What does a web editor do?
Web editors publish and curate content on websites. You could be producing videos, writing blogs or articles, as well as checking images, text and other media published on your employer's website.
Depending on the size of your employer, you may work alone or in a team with web developers, designers, and marketing and public relations staff. You’ll need to have an excellent standard of written English as well as a creative eye. Good communications skills are essential for this role.
What do I need to do to become a web editor?
There are no set routes to becoming a web editor and no essential qualifications. You can get into this career in a number of ways. You may have a background in journalism, marketing or IT, or perhaps experience in the area the website is aimed at, for example education or sport. It is common to work your way up to becoming a web editor by starting as an online or web editorial assistant.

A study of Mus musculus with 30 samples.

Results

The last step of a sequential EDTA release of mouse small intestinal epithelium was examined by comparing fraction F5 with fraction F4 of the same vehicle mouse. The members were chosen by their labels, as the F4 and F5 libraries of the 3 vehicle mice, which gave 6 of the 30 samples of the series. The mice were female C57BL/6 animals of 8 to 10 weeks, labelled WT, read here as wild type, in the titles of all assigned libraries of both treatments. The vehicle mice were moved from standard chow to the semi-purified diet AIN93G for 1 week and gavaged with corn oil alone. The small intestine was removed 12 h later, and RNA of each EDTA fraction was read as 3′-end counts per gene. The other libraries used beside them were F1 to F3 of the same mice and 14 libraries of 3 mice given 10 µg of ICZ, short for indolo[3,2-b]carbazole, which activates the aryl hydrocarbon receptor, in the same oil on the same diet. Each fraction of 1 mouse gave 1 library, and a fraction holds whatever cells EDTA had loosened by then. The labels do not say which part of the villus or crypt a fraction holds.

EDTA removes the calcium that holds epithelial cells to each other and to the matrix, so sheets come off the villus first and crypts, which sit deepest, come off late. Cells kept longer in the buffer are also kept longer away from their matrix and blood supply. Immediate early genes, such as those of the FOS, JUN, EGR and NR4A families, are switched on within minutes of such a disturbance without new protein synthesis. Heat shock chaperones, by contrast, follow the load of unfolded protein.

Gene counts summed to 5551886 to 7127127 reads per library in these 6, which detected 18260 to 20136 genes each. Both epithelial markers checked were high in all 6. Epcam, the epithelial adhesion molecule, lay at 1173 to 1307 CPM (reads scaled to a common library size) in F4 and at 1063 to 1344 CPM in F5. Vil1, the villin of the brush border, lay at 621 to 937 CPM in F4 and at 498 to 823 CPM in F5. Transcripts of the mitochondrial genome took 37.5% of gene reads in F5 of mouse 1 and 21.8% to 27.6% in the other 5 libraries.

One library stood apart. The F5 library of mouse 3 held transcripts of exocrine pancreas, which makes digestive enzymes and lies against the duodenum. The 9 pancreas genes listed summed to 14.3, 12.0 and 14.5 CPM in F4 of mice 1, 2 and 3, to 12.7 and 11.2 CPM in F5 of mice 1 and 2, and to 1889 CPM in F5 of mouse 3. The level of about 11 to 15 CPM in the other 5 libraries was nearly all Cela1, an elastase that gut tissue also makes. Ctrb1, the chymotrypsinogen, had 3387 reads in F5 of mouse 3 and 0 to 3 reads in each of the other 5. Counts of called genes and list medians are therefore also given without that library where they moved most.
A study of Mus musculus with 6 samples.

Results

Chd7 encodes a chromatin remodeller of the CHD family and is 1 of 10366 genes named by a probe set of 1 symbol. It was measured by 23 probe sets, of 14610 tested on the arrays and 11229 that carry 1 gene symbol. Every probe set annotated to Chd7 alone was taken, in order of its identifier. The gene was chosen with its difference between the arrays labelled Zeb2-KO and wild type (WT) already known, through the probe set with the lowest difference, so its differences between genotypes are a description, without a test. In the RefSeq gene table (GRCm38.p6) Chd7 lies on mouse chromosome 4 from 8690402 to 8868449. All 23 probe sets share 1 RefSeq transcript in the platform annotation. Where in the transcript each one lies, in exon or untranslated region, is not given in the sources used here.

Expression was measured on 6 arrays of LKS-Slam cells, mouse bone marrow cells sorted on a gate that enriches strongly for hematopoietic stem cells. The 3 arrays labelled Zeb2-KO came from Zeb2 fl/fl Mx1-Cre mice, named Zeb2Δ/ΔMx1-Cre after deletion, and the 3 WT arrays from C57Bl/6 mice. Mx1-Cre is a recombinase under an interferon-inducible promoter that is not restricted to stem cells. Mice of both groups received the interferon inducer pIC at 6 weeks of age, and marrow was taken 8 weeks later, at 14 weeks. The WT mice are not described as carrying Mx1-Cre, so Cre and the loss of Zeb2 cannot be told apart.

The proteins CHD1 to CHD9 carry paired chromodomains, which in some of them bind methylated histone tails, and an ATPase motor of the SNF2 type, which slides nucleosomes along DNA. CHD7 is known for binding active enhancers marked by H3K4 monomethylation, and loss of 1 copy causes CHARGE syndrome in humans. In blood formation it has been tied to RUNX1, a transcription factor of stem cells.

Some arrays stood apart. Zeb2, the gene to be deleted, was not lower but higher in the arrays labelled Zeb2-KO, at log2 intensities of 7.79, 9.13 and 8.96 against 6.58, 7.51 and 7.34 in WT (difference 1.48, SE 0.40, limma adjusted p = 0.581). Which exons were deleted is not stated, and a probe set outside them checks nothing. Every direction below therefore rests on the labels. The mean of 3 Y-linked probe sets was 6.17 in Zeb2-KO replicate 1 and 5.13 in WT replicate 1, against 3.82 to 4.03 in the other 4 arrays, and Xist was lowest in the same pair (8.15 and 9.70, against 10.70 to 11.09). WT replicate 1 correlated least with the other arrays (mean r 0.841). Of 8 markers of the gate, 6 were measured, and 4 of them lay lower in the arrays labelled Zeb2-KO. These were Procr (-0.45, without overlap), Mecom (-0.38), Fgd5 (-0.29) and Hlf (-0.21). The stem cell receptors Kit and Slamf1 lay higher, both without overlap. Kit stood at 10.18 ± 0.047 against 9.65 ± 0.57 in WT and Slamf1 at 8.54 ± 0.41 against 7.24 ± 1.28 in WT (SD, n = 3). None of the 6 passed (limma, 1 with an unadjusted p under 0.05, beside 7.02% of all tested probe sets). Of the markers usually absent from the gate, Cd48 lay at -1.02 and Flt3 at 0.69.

To do a degree, you usually need five GCSEs (A-C) including maths, English and science, plus three A levels or an equivalent level 3 qualification. Check with universities for exact entry requirements, vocational courses are acceptable for some degree courses but not all.
There are no specific A levels required but relevant ones would include: English literature, English language, media, psychology, sociology, communication studies and law.
Vocational courses in media studies would be relevant for this work. Check with universities about acceptability
- A levels including English literature/language, media, psychology, sociology, communication studies and law
- Courses in media studies
- Journalism degree
- Marketing degree
Where to find out more
Where could I be working?
You will be working indoors, for either a small, medium or large company.